A “rope of sand with strength of steel” is the imagery James L. Sullivan used in his 1974 book to describe the tie that binds Baptist churches together. The metaphor captures the heart of voluntary cooperation – a longstanding Southern Baptist distinctive, said Lester Evans, team leader of associational partnerships for the Baptist State Convention of North Carolina.
Despite the unique challenges threatening to dissolve the bonds of 78 local associations across the state, Evans said, the enduring practice of cooperation among autonomous congregations continues.
Dougald McLaurin Jr., president of the North Carolina Baptist Associations Conference and associational missionary for the Tar River Baptist Association, agreed. “Churches that really want to make a difference, they’re going to find ways to work together,” he said.
The willingness to cooperate is the greatest resource of North Carolina Baptists, said Evans and McLaurin, but the obstacles are significant.
“The most pressing challenge that our associations face is having a clear and focused vision of their purpose,” said Evans. Some of that springs from a lack of associational leadership.
Nearly 20 percent of North Carolina’s local associations have vacant or temporary leadership positions, often called directors of mission or associational missionaries. That number is down from 32 percent in recent years.
In addition, some churches don’t feel the need to participate in the cooperative ministries of a local association, said Evans and McLaurin. Competition among pastors sometimes leads to a “lone ranger” approach to ministry. Furthermore, the increasing convenience of travel and communication technology allows people to feel connected to other ministries or churches outside a specific geographic location. Long-distance availability can diminish the desire for fellowship through a local association.
Fewer participating churches in a local association usually leads to decreased funding, amplifying other problems and making it ever more difficult to secure permanent staff positions.
Shifting demographic trends in some areas of the state are forcing local churches – and their cooperative ministries – to rethink outreach strategies. How well an association adapts to new circumstances also factors into its overall health. “If we’re content to do associational work the way we did it last year, or yesterday,” McLaurin said, “we’re going to become irrelevant very quickly.”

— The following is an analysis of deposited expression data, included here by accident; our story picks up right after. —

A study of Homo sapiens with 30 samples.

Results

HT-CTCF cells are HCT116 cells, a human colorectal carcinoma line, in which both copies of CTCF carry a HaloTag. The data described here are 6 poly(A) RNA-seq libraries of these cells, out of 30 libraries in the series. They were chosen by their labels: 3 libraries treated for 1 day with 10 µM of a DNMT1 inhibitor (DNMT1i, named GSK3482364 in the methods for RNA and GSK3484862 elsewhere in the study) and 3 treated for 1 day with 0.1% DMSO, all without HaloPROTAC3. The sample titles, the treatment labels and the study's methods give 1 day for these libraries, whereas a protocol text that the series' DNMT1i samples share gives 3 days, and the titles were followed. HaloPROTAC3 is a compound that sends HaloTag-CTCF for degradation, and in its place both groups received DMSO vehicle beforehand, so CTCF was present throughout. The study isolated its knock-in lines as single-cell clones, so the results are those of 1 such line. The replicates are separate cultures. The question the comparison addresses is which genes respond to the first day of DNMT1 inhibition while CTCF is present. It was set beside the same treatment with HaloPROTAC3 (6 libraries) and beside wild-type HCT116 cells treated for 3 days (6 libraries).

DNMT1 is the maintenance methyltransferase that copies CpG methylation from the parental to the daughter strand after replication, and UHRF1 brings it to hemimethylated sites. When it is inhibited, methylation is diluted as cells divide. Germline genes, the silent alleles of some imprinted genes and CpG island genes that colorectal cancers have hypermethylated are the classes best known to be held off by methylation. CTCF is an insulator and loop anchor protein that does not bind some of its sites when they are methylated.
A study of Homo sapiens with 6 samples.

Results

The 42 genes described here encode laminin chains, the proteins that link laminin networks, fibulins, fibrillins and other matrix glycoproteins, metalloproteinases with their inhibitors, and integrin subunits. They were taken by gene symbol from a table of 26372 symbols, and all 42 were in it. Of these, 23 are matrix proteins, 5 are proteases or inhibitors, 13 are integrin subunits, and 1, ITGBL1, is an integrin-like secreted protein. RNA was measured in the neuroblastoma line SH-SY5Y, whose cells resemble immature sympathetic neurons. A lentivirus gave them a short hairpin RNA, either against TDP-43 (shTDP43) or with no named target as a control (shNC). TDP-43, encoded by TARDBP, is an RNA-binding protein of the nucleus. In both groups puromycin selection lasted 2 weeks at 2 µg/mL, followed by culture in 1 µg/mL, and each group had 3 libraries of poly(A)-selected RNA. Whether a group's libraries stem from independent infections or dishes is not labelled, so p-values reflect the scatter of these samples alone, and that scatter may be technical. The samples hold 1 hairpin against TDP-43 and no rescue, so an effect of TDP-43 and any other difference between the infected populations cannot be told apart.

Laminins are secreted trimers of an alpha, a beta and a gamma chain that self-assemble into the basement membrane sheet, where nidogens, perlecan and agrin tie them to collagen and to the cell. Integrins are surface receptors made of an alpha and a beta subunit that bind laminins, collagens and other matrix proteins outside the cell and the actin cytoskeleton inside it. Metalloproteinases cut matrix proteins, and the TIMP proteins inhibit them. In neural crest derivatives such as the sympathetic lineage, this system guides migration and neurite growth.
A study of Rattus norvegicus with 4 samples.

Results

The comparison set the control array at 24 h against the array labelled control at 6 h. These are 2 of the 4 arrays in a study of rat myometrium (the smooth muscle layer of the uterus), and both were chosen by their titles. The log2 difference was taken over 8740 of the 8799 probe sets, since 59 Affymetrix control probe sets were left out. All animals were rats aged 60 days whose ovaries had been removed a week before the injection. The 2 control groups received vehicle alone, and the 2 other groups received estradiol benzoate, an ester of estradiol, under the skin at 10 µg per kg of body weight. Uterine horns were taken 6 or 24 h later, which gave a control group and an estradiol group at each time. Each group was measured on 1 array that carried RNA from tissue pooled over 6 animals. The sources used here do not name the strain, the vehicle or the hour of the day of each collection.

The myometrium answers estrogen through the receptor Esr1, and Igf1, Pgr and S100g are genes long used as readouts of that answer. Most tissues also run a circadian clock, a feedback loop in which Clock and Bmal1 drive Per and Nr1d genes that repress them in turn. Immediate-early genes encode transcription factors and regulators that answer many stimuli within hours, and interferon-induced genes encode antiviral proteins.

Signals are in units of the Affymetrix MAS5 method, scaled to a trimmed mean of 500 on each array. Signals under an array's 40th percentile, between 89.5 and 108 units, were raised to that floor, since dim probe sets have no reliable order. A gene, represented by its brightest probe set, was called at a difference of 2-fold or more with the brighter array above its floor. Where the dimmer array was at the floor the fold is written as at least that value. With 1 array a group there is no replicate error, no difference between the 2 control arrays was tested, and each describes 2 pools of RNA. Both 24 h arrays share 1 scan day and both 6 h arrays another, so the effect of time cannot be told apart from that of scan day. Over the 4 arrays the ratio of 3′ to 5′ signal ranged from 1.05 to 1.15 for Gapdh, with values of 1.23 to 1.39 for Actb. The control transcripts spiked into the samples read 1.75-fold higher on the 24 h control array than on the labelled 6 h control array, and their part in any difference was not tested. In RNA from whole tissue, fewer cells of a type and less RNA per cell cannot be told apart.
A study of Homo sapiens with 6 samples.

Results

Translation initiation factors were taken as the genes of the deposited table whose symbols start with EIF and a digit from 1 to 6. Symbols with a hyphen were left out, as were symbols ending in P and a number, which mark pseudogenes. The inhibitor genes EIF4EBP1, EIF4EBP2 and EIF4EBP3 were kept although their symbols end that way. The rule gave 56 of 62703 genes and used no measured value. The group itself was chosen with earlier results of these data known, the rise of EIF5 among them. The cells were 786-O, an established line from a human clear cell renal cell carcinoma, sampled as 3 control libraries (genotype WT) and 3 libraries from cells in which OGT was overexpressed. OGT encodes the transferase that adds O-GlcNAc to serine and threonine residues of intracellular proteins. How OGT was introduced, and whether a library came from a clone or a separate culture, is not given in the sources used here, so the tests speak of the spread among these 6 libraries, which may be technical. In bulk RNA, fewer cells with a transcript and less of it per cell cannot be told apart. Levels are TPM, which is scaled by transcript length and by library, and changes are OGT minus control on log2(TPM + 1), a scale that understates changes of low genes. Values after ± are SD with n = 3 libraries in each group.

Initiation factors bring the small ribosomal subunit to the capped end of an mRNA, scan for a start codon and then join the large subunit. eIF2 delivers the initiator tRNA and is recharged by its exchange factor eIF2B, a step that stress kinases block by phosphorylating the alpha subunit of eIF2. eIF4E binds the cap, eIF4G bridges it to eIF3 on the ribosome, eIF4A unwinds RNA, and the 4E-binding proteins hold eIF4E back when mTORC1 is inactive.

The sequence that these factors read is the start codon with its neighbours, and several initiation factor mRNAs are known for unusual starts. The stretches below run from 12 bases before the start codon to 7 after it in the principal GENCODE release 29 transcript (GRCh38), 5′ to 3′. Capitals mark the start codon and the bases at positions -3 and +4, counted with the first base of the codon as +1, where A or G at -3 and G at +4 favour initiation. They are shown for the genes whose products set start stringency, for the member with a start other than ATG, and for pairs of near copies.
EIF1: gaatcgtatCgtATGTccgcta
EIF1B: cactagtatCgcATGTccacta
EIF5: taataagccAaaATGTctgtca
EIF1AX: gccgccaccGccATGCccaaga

Despite growing difficulty, Evans is optimistic about the future of North Carolina’s Baptist associations. He believes cooperation naturally occurs in the life of each believer and the corporate life of each congregation.
“It is part of the DNA of the Holy Spirit in the life of a believer,” Evans said. “You can’t fulfill the Great Commission by yourself, so there’s this driving force in you to link arms with other believers. When you do that, churches get formed.
“That same DNA is in the corporate body. So, churches have this DNA to link with other churches because they can’t fulfill the Great Commission alone.”
It’s for this reason Evans said associations will endure. He continued, “If every association disappeared today, that DNA would drive churches. They’re going to network together.”
Evans admitted that future partnerships may look different in name or function – such as networks, alliances and so on – but he emphasized, “They’re not going away.”
In times of need, some associations have undergone radical changes in order to continue – and sometimes expand – their ministry. For example, the Stanly and Montgomery associations are now sharing staff and resources to become more efficient. (See story here.) The South Roanoke association totally revitalized and refocused their ministry strategy after nearly closing the doors due to financial struggles. The Metrolina association sold their property after being deeded a former church building. The facilities and funds are now used to host and support a wide variety of ethnic churches and ministries. (See story here.)
McLaurin encourages large and small membership churches to remember the abiding purpose of cooperative ministry. “I really do think the associations have a strong role in helping the smaller membership rural churches, and any other church that’s willing to embrace the cooperative program principle,” he said. “If you’re too big for an association, I think you’ve lost sight of helping your sister churches.”
Evans added, “It’s the one entity that’s closest to the local church at ground level, in terms of knowing what their needs are, what resources are available and connecting them together so they can help strengthen each other.
“That’s where association happens. It’s churches helping churches to become healthy enough to reach their communities and reproduce disciples.”